A Chilliwack poultry farmer is among producers across Canada upset about cheap Hungarian ducks they say are being dumped on the domestic market with inadequate oversight by the Canada Food Inspection Agency (CFIA).
Ken Falk of Fraser Valley Specialty Poultry in Yarrow says the CFIA is not addressing the problem, which is leaving consumers to unwittingly purchasing meat with unknown origins and processing, all while leaving Canadian producers to lose market share.
“We are just so frustrated,” Falk told The Progress.
|Packaging on a duck from Hungary (left) and from Fraser Valley Specialty Poultry in Yarrow. Feathers are visible in the Hungarian duck, and the label advises that the "product should be heated thoroughly before consumption." (Paul Henderson/ The Progress)
And the labelling has an almost comical description of how to cook the bird: “Product should be heated thoroughly before consumption.”
“Hungary seems to be not too worried about quality,” Falk said. “You have no way of knowing what’s in the bag.”
Canadian duck producers are also raising the alarm about other issues: what veterinary medicines are used in Hungary; possible animal abuse; and labour standards where employees earn as little as $3 an hour.
“We are not worried about fair competition,” Falk insists. “But you are allowing this garbage product to come in to Canada.”
The “you” in that statement that is so frustrating Falk is the CFIA who he insists is not protecting consumers and not enforcing food safety laws.
Asked about the issue, a CFIA spokesperson said that since January 2019, importers must hold a “Safe Food for Canadians” licence and ensure imports meet Canadian requirements.
In response, Falk said that is a complaints based system so there is no real prevention, only reaction.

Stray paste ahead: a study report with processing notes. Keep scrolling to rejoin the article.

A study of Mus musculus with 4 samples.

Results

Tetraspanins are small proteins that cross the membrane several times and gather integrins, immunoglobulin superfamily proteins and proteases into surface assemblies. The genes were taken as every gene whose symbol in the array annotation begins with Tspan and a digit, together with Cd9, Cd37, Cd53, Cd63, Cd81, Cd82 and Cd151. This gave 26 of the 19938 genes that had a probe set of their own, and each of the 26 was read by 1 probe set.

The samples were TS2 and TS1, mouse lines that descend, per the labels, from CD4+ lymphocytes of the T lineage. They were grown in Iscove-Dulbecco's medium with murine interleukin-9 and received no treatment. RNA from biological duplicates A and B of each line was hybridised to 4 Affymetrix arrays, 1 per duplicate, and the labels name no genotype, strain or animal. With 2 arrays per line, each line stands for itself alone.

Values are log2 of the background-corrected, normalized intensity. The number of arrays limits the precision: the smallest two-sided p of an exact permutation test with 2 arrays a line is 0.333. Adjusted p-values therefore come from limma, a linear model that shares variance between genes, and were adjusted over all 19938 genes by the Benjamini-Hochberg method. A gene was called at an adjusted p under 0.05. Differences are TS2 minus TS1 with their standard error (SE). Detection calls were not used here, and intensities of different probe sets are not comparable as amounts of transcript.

The problem for Canadian duck farmers is that this has been going on for several years, and Falk says only in 2016 when they “screamed” at the government did anything happen.
“In 2017, CFIA conducted an inspection of Hungarian duck meat establishments and found that the inspection system and veterinary drug residue verifications in Hungary were equivalent to the Canadian system,” the CFIA told The Progress.
“Interesting that they are using the word ‘inspection’ here,” Falk responded. “The word they used to us was ‘visit’, saying that they cannot inspect foreign facilities.”
On the quality of the imported ducks, the CFIA when problems are found, Hungarian authorities are notified.
“CFIA’s data and verifications shows that duck meat from Hungary has a high level of compliance, with a few deviations which CFIA has signalled to the Hungarian authorities and requested corrective actions.”
Again, Falk questions the choice of word such as “deviations” and “minor corrective actions” as being insufficient to deal with the potential problems.
When asked to comment, the CFIA said nothing about feathers, labelling, employment standards, or animal welfare.
For years the Quebec Association of Duck and Goose Breeders (AECOQ) has criticized the rules applied in Hungary and the difference for those breeding and processing in Canada.
“The number of products that do not meet Canadian standards can be found in alarming quantities in Canadian markets,” according to an AECOQ press release.
“No Canadian product with this amount of defect could have reached the grocery store shelves.”
As for Falk, he is frustrated as a business owner being undercut by mystery meat being allowed into Canada, and he implores Canadians to shop locally where standards are strict.
“Canada is just accepting the European Union’s word for it but if nobody is watching what is going on, what can we expect to find in Canada?”
Falk said that buying local food as much as possible is a good response to the Hungarian duck issue. The B.C. government declared Dec. 2 to 8 as BC Buy Local Week.